Why Sketching Builds Resilience
What do you remember doing as a child and not really appreciating at the time, and has this influenced you now?
Is Outcome Always A Priority?
During half term 2015, my husband Paul was away with work in Syria, so as often happens in the holidays, I drove the kids up North to visit their older and younger cousins and spend time with my lovely sister in law, Auntie Sally, two mums working together is always so much easier than one eh.
On this occasion we met at one of our favourite bolt holes in the Lake District, the Independent Youth Hostel at Derwent Water. We’ve always enjoyed Youth Hostelling for the flexibility, fun and affordability.
It was also a week to celebrate Nanny Gill turning 70. She always brings a bag of sketch books, pencils and paints, we find the last page that someone doodled and then create a new page. It’s a collection of memories from various adults and children and always so lovely and inspiring to look back through.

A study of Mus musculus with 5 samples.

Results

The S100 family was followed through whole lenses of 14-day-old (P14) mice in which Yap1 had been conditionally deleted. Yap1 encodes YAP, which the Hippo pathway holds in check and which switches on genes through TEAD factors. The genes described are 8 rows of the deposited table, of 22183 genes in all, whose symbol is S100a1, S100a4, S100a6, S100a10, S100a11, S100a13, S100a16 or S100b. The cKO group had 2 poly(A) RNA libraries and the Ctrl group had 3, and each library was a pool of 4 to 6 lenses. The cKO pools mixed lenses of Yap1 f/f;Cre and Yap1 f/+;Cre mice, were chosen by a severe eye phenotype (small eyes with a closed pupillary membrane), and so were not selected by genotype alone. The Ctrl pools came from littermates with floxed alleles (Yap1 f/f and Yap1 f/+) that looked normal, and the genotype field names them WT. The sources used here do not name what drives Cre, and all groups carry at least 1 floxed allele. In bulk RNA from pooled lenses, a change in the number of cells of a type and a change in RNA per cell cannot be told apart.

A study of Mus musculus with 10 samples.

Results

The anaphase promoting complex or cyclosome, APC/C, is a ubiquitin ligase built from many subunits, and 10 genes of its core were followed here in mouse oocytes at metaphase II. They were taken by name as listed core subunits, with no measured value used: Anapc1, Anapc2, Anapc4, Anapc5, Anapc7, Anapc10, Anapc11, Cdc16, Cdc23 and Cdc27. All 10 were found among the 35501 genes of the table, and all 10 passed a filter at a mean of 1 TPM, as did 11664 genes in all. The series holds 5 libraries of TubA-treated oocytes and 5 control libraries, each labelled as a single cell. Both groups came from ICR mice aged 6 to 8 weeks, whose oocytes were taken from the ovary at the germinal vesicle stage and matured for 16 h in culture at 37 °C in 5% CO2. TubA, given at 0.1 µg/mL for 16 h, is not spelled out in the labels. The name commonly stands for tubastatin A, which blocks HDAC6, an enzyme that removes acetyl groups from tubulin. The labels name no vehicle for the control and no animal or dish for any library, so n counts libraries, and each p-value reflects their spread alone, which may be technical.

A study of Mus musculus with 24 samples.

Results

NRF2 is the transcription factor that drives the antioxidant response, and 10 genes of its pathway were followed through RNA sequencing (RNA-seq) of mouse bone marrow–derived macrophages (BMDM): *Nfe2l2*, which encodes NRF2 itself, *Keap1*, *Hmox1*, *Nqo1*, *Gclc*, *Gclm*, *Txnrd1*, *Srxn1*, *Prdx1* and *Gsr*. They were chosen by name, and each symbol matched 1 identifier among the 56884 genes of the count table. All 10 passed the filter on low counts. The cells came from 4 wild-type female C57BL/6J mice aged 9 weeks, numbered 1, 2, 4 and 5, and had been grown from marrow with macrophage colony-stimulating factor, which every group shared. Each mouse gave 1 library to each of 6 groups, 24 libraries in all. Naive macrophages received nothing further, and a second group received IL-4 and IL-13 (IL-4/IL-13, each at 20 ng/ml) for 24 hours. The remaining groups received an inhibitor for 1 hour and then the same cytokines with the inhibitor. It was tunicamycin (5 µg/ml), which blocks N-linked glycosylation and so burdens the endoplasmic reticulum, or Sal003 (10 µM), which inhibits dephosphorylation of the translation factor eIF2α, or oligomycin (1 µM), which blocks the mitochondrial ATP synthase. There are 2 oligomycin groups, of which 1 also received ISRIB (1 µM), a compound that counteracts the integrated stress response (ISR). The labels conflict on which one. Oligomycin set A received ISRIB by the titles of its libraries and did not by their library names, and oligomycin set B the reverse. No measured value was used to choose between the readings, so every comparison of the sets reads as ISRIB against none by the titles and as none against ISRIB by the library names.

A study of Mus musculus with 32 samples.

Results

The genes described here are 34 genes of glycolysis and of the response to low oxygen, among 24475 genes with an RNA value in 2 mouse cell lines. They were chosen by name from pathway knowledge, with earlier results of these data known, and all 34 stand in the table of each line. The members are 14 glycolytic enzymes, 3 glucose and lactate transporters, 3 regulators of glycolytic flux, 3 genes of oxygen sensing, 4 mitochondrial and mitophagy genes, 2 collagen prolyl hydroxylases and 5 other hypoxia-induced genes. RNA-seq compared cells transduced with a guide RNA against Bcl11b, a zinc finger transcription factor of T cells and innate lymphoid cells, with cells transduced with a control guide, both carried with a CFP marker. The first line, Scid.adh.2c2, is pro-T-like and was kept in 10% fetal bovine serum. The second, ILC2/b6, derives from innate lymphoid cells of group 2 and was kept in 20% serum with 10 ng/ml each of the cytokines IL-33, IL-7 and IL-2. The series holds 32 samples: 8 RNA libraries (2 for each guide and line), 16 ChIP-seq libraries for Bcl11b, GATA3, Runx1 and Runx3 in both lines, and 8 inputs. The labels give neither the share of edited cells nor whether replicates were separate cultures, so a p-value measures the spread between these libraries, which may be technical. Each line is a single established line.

Luke and Ellie laugh at my unskilled often immature drawings, I used to not sketch perhaps over concerned with the appearance. However, when I decided it’s not about the outcome but the process and experience, it became more enjoyable and relaxing.
Ways To Build Resilience
Being present to the moment, taking notice and slowing down are all ways to build the foundations of resilience and sketching is a way to encourage this.
Even better though, are shared events, connection and belonging. Sometimes our children don’t always want to take part in activities with us, especially when they hit teenage years – wow what a totally new set of parenting skills this involves! However these adventures are seeds that get planted, and form important life bases, though often not appreciated at the time.
Look forward to seeing your sketches and reading more of your stories too.
Solving World Problems One Mum at A Time
PS, this week’s Random Dialogues homework is a sketching task! We have a Facebook group too incase you would like to join us either on and/or offline.